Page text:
A court win for a group of retirement village occupants has reaffirmed laws giving resident-owners the right to control the sale of their units. Retirement village legislation in NSW and Victoria bars the practice of village managers insisting on naming the selling agent and setting the price.

In the past, such practices were criticised for creating a conflict of interest where an operator-appointed sales agent might work hard to sell units where the operator was entitled to a bigger slice of the sale proceeds but have other units lingering on the market.

There were also complaints about low sale prices and high selling costs.

In this recent NSW Supreme Court case, in which the residents were strata-title owners, Justice Paul Brereton ruled that provisions in contracts aimed at giving the manager sole agency to sell village lots were unenforceable under that state's Retirement Villages Act.

While most villages now operate under leasehold rather than strata arrangements, solicitor Peter Hill of Hill & Co Lawyers, who has represented other village residents in other court cases, says the case is still an important reminder of the law in this area.

It reinforces the fact that village operators can't "contract out" of their obligations under retirement village legislation by writing such provisions into agreements, Hill says.

"Where this is tried by an operator, the provisions will have no effect and not operate to benefit them as they're intended, to the extent of their inconsistency with the legislation," he says. "The legislation clearly gives a resident the right to choose who can be appointed as an agent to sell their unit and they cannot be forced to confer such a right on the operator."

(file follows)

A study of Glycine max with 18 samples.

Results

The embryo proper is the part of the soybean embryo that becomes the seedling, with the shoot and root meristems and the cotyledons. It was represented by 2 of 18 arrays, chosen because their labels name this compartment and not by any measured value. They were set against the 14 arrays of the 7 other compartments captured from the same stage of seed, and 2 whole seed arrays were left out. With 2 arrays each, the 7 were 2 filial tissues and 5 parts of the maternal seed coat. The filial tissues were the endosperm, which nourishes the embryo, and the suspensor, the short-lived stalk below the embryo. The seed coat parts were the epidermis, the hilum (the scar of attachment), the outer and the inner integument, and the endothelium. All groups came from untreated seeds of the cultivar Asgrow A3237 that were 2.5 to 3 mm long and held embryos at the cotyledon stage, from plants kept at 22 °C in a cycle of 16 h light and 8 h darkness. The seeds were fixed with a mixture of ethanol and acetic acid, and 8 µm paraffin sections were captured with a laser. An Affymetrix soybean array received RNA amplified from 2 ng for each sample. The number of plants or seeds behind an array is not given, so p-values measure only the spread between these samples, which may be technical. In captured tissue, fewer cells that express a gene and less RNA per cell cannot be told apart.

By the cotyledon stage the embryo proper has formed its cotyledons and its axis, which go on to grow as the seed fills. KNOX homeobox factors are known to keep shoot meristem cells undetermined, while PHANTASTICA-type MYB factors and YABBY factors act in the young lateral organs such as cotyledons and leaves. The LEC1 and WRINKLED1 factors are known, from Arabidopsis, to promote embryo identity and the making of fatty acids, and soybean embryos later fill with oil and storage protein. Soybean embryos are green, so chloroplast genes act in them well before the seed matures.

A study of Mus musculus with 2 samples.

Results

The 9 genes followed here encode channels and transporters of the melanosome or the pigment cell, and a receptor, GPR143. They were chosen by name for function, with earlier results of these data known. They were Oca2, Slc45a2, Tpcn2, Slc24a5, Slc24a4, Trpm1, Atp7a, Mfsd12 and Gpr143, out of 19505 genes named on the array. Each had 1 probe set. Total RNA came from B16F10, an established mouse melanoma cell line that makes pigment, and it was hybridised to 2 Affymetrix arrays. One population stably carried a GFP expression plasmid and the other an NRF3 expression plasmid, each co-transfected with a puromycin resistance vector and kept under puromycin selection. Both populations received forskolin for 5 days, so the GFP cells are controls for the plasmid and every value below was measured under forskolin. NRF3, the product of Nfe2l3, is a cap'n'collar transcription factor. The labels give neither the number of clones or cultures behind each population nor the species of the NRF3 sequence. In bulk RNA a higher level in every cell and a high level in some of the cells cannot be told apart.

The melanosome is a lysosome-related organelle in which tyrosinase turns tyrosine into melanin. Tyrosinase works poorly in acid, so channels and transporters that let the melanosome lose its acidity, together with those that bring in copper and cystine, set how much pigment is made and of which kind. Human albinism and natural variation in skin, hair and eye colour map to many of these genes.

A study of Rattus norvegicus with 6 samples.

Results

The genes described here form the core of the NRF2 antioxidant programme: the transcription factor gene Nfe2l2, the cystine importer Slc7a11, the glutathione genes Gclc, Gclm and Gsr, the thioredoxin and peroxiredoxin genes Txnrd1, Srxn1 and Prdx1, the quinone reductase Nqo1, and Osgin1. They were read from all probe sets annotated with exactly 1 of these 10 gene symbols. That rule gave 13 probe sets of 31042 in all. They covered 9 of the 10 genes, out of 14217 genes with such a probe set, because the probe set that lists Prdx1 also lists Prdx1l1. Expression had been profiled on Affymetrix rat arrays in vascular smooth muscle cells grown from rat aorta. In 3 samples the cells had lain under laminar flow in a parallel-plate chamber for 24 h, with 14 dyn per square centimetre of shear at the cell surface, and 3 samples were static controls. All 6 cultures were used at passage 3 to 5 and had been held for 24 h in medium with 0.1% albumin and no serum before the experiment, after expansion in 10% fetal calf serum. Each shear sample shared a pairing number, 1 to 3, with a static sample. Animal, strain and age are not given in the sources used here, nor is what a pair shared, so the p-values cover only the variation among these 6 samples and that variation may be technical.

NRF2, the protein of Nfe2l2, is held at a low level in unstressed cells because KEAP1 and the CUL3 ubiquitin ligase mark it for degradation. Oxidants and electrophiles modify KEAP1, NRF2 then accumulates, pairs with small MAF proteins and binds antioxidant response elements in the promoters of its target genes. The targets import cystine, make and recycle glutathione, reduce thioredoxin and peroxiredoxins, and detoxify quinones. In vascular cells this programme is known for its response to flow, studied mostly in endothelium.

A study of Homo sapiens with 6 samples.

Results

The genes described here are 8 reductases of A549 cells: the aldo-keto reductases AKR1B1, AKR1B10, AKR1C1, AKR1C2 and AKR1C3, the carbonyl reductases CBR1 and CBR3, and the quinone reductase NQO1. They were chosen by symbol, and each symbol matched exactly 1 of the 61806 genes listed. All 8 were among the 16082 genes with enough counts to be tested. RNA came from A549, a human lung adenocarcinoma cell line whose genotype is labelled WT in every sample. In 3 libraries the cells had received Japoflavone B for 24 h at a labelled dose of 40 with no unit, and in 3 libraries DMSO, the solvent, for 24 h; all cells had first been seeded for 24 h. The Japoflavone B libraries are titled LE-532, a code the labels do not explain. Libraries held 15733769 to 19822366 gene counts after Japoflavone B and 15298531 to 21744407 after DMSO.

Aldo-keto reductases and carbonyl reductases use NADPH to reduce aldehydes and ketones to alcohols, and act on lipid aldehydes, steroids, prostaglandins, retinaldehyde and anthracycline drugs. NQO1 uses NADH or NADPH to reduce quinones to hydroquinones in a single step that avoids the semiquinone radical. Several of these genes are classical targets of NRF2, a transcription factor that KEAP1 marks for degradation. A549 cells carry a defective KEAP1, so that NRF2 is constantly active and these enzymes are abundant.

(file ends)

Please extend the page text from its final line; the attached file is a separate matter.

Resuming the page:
They may well appoint the operator of their choice later on.

The NSW case was brought by 70 residents of the Castle Pines Retirement Village in the Sydney suburb of Baulkham Hills. The first defendant was Premier Holdings Pty Ltd, which was manager until June last year. Gregg Ritchie & Associates, which subsequently bought the management rights, was second defendant.

The court heard that people entered into individual deeds with the current manager as they became residents and, while these evolved over time under various managers, many of the deeds the court considered still contained provisions requiring the resident to give the manager sole agency for 90 days and joint agency after that. While other deeds did not require that, they still gave the manager the power to set the price (though at "not less than fair value").

Justice Brereton ruled the clauses unenforceable as they conflicted with sections 168 and 169 of the NSW Retirement Villages Act. Section 168 says residents can set the sale price and appoint a selling agent.

Section 169 says a village operator, if not the selling agent, can't interfere in the sale. The defendants intend to appeal against the decision.

Key points

- Resident-owners of retirement villages are entitled to control the sale of their units.

- They're also entitled to set their selling price.

- Contracts that say otherwise are unenforceable.

- They can appoint the manager to arrange the sale but only if they want to.